Person B sees that A has a rare stamp and offers to buy it for a fraction of its worth. B offers A 100€ for the stamp and A agrees happily.

Later, A finds out the true value of the stamp and wants it back. A claims that B scammed them.

Is B guilty of fraud, simply for not telling A how much the stamp is worth?

  • You might want to add your location, as this might change the answers. I want to add another wrinkle... If the above is not fraud, would it become fraud if B specifically tells A that "the stamp is only worth 100 Euros"? – James Mar 3 '17 at 12:57
  • @James To answer your question: No, because that is still B's statement of opinion. It would be a fraudulent representation only if B told A something like "The stamp collector community values it at 100€" despite knowing that this is false. – Iñaki Viggers Jun 9 '18 at 20:30

The crux of your question revolves around whether the buyer(B) had committed an illegal act by withholding information that would have prevented the seller(A) from selling the good at the price he did. The act that B would seemingly be guilty of would be fraudulent misrepresentation

A misrepresentation is a false statement of fact or law which induces the representee to enter a contract.

The important thing here is if there is a "false statement".

In your scenario, there was no false statement made, let alone one which induced A into selling his stamp to B.

So there is no fraudulent misrepresentation, or misrepresentation of any kind.

Looking at the law of fraud:

s3 Fraud Act 2006: A person commits fraud by failing to disclose information when =>

The defendant:

  1. failed to disclose information to another person
  2. when he was under a legal duty to disclose that information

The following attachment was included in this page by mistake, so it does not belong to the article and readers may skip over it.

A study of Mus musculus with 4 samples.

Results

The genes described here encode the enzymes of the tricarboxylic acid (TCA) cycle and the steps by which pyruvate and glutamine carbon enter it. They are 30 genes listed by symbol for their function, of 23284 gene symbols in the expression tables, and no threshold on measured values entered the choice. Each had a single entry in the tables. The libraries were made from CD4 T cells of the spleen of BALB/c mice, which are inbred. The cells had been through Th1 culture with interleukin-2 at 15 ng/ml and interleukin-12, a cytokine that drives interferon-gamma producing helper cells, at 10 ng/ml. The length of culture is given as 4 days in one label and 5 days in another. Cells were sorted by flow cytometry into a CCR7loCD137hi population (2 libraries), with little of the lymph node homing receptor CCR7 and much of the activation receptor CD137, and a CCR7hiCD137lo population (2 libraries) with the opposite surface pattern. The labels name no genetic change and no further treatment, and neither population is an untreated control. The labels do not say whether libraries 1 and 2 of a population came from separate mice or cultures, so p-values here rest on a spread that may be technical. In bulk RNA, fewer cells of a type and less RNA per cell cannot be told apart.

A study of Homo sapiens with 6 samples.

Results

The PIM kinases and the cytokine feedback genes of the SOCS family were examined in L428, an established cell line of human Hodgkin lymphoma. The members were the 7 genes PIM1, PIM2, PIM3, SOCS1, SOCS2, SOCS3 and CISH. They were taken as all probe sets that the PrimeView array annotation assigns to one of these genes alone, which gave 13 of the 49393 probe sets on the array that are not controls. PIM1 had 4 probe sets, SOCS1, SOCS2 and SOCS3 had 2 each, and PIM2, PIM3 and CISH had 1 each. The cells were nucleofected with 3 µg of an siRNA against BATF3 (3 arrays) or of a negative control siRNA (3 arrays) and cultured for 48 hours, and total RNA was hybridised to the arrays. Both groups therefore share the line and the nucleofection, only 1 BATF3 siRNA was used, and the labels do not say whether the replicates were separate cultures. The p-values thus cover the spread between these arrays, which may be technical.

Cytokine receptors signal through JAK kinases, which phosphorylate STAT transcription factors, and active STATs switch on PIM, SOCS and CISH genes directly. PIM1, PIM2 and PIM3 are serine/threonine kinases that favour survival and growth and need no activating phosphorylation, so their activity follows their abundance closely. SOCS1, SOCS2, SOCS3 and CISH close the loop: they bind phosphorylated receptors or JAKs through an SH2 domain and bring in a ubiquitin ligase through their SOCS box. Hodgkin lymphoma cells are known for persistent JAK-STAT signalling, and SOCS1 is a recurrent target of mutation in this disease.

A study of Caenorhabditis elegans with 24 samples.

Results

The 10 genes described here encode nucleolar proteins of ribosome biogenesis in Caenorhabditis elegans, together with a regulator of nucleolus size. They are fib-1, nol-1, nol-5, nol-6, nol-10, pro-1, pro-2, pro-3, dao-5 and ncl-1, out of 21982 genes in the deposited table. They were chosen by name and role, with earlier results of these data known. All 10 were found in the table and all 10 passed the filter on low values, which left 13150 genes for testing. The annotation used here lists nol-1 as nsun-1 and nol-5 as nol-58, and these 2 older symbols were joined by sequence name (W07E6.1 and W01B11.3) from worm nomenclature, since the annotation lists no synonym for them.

3. dishonestly intending, by that failure, to make a gain or cause a loss.

With regards to the scenario you've given, no fraud would have been committed because the buyer was under no legal duty to disclose such information


  • @DaleM For it to be a fraudulent representation, B would have to state it in a way that is objectively verifiable as false (for instance, by saying that the official price is 5 €). However, saying "the stamp is not valuable" still retains enough subjectivity to preempt a viable claim of fraud. – Iñaki Viggers Jun 9 '18 at 20:39

First, by offering A 100€, B expresses his current intention to enter into a legally binding contract with A in regard to the stamp. By accepting the offer, one can infer that A was induced by this statement. However, the statement is true, as stamp and money changed hands.

Second, B's offer implies that the stamp is worth 100€. Despite the market value of the stamp being considerably higher, this statement is true, because B only expresses that the stamp is at least 100€ worth to him personally. By contrast, where B is a professional stamp collector, who knows the market value of the stamp, and A relies on B's expertise, the result maybe different.

In conclusion: without holding himself as an expert to A, B did not fraudulently misrepresent to him.

  • @SingulaereEntitaet I am NOT voting down this answer (and I never vote articulated ones, regardless of whether I agree with them), but the last part of your analysis and conclusion are wrong. B's expertise is irrelevant to the issue of fraud because A did not hire B to advise him on stamp worth. B's expertise and/or his ostentation thereof does not by itself create a fiduciary duty with respect to A. – Iñaki Viggers Jun 9 '18 at 20:47
  • @feetwet See my comment to this answer. – Iñaki Viggers Jun 9 '18 at 20:47

One prima facie element of fraud is A's reasonable reliance on B's representation. Here, A and B are on the opposite sides of a contract, whence it is evident and expected that each party will pursue his own interest. In this context of competing interests, it was not reasonable for A to rely on B's statements (absent any guarantee or objective assurance given by B). Moreover, B did not even state that the stamp is worth 100€: He merely offered 100€ to A in exchange for the stamp.

Another prima facie element of fraud is that A incurs a loss as a result of B's representation. ShazamoMorebucks refers to the absence of a legal duty of disclosure, but I take a different approach:

It is wrong to conclude that A incurred a loss at all. Up until the transaction, A underestimated his stamp to the extent that he "agree[d] happily" when B offered 100€ in exchange for the stamp. A's reaction and decision show that A deemed the transaction profitable. The fact that A later realized he could have asked more money does not render the transaction an instance of fraud.